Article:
The Seventh Decade: The New Shape of Nuclear Danger Paperback – Sep 2 2008
“In yet another tour de force, Jonathan Schell, our chronicler as conscience, addresses the salient fact of the era--that amid the ultimate terror of nuclear weapons, Americans live under one of the most heedless and dangerous governments in history. Once again, Schell honors us with a profound warning. Our consummate shame is that we do nothing about it.” ―Roger Morris, author of Taking Comfort
“Jonathan Schell has written a courageous book, a clarion call for the world to stop its drift toward 'nuclear anarchy'--which cannot occur absent a radical change in U. S. nuclear policy.” ―Andrew J. Bacevich, author of The New American Militarism: How Americans are Seduced by War
“No voice is as clear, no mind is as sharp, and no writings about nuclear weapons have been as perceptive as Jonathan Schell's books and articles since 1982. Now, in The Seventh Decade, Schell once again reveals in lucid prose the most inconvenient truth: the nuclear weapons policies of our government endanger our security, our planet and the very existence of our specie. This is a book that every responsible voter should read before November 2008.” ―Martin J. Sherwin, Pulitzer prize-winning author of American Prometheus: The Triumph and Tragedy of J. Robert Oppenheimer
About the Author
Jonathan Schell, author of The Unconquerable World and The Fate of the Earth among many other titles, is the Nation Institute's Harold Willens Peace Fellow. His "Letter from Ground Zero" column appears in The Nation regularly. He also writes for Harper's, The Atlantic Monthly, Foreign Affairs, and Tomdispatch.com. He is a distinguished visiting fellow at the Yale Center for the Study of Globalization.See all Product Description
Bruce A. Roth, Executive Director
Author of "No Time To Kill"
Kenneth Adelman, a member of the Defense Policy Board and past Director of the U.S. Arms Control and Disarmament Agency, in a discussion with Jonathan Schell on NPR agreed Schell's proposals were "nice" but not practical. Schell countered that his proposals were "essential" and would be implemented one way or another. He'd prefer they be implemented before a nuclear device or devices were exploded on U.S. soil but they'd certainly be implemented after such a catastrophic event. Adelman believes (as does the Bush Administration) that the best we can hope for are strong non-proliferation efforts, strenghtening nuclear weapons tamper resistance and improved nuclear security for nations which already have them, and the certainty that any nuclear device exploded in America which can be traced to a donor country will result in massive retaliation (read nuclear retaliation).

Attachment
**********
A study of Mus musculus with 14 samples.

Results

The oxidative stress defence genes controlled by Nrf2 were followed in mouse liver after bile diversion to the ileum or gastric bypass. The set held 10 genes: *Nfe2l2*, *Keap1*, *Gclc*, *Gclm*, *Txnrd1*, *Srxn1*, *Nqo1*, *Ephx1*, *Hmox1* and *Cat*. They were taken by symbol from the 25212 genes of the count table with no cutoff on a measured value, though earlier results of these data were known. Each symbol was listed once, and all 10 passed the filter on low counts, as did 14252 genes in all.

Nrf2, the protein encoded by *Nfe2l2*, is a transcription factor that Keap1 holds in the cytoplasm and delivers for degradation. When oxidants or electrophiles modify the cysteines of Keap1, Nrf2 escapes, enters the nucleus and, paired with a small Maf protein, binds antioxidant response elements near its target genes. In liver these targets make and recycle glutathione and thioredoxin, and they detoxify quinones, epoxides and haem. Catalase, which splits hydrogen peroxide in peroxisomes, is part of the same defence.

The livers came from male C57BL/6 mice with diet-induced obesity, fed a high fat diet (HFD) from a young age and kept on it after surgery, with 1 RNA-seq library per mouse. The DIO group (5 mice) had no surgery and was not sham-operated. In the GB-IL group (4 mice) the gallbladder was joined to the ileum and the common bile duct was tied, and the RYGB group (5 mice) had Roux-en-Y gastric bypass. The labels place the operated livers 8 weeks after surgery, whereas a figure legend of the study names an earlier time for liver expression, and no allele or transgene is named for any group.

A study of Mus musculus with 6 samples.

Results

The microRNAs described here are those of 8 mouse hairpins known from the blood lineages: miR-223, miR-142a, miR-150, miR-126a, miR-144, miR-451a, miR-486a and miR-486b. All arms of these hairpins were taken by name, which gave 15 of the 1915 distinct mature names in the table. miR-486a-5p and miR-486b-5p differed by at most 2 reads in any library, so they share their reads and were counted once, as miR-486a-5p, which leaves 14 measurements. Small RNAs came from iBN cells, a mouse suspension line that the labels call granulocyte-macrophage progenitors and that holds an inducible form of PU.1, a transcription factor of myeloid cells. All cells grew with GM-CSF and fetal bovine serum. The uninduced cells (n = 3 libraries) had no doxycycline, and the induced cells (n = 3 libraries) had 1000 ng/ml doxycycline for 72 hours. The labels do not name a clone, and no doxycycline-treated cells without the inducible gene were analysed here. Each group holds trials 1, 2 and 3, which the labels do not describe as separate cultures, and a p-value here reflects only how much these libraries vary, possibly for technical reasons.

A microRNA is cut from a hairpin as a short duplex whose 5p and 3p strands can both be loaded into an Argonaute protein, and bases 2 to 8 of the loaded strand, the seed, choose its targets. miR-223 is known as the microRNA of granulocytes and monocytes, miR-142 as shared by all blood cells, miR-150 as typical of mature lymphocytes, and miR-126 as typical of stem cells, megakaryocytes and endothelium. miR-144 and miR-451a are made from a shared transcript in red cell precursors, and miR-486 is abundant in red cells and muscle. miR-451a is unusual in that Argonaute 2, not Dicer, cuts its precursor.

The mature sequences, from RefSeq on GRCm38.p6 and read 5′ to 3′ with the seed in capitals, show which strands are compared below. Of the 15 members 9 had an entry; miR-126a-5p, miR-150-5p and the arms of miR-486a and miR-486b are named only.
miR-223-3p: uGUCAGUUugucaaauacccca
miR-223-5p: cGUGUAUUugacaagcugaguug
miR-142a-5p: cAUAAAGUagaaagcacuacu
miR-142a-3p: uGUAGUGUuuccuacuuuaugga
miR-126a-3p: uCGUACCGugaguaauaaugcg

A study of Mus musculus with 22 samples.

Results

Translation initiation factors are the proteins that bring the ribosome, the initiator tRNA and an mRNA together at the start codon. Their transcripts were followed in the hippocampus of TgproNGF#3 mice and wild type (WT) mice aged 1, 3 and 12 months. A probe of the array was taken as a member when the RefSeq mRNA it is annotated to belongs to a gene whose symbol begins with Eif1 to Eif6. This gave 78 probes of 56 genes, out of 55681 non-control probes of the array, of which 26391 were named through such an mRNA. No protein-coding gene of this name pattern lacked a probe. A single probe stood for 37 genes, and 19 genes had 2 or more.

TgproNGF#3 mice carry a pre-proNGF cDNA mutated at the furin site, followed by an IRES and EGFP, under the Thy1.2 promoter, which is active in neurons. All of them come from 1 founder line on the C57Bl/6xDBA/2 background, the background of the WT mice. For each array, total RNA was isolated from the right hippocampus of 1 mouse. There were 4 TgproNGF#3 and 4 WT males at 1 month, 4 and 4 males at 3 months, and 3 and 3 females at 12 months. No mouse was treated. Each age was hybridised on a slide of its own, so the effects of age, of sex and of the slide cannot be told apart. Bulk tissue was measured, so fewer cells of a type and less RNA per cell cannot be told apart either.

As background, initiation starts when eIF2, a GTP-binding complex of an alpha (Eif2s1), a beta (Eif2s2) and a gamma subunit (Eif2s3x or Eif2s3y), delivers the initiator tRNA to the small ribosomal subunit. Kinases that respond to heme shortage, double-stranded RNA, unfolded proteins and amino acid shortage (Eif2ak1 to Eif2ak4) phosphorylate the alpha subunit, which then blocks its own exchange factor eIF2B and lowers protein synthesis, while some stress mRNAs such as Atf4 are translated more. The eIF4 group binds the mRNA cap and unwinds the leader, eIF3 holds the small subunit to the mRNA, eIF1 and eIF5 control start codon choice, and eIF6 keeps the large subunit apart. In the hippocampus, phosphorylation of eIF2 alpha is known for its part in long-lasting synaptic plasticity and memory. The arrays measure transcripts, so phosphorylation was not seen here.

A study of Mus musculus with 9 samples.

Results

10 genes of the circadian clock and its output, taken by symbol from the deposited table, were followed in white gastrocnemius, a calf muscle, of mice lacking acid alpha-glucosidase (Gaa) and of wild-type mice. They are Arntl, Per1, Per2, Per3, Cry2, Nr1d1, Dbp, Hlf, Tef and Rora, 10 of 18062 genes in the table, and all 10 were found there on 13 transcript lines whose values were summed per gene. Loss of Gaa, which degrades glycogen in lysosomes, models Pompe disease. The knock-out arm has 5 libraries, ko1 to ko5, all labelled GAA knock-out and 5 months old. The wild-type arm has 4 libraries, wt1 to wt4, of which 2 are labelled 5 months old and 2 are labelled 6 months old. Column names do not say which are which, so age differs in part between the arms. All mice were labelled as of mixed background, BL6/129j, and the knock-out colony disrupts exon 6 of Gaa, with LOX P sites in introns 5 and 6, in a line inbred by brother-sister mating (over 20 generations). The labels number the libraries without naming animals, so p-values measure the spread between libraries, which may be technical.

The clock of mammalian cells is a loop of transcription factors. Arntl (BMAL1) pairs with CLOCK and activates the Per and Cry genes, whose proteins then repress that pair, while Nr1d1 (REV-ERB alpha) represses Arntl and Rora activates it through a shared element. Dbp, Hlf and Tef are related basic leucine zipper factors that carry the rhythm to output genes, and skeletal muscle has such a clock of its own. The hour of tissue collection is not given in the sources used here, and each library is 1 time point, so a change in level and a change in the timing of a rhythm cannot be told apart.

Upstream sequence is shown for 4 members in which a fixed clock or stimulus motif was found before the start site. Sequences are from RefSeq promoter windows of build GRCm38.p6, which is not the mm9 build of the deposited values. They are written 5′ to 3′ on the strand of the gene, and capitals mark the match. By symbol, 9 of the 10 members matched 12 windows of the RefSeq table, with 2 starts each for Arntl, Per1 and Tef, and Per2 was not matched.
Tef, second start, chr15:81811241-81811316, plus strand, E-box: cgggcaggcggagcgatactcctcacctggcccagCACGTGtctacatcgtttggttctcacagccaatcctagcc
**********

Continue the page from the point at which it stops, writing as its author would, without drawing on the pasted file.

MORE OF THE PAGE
Schell generally agrees with Adelman and points out we must then take the next step to reducing nuclear weapons hardware worldwide to zero. Probably the most difficult diplomatic task of the 21st Century! An excellent read to fully understand the nature of the threat in this new century.
This book is an excellent essay for a person who wants a thorough overview of the subject of arms control.
In addition, the Bush administration upset Russia just prior to 9/11 by pursuing "Star Wars" (SDI) and expanding NATO to include some previous U.S.S.R. areas, Japan is rethinking its "no nuclear weapons" policy in light of North Korea, and Taiwan is probably considering such as well due to China's continual threats and the U.S.'s unwillingness to offer iron-clad guarantees for Taiwan's security. Meanwhile, Brazil announced in 2004 that it was enriching uranium for power uses - a process that only needs to be extended to create atomic weapons, Britain is undertaking a $40 billion or so updating of its nuclear submarines and weapons, and the U.S. is also spending billions on its own updating.
The shortcomings of "Seventh Decade" (of nuclear weapons) are that most of its pages are spent on actions 30+ years prior, it contains little if anything new, and it offers little in the way of recommendations.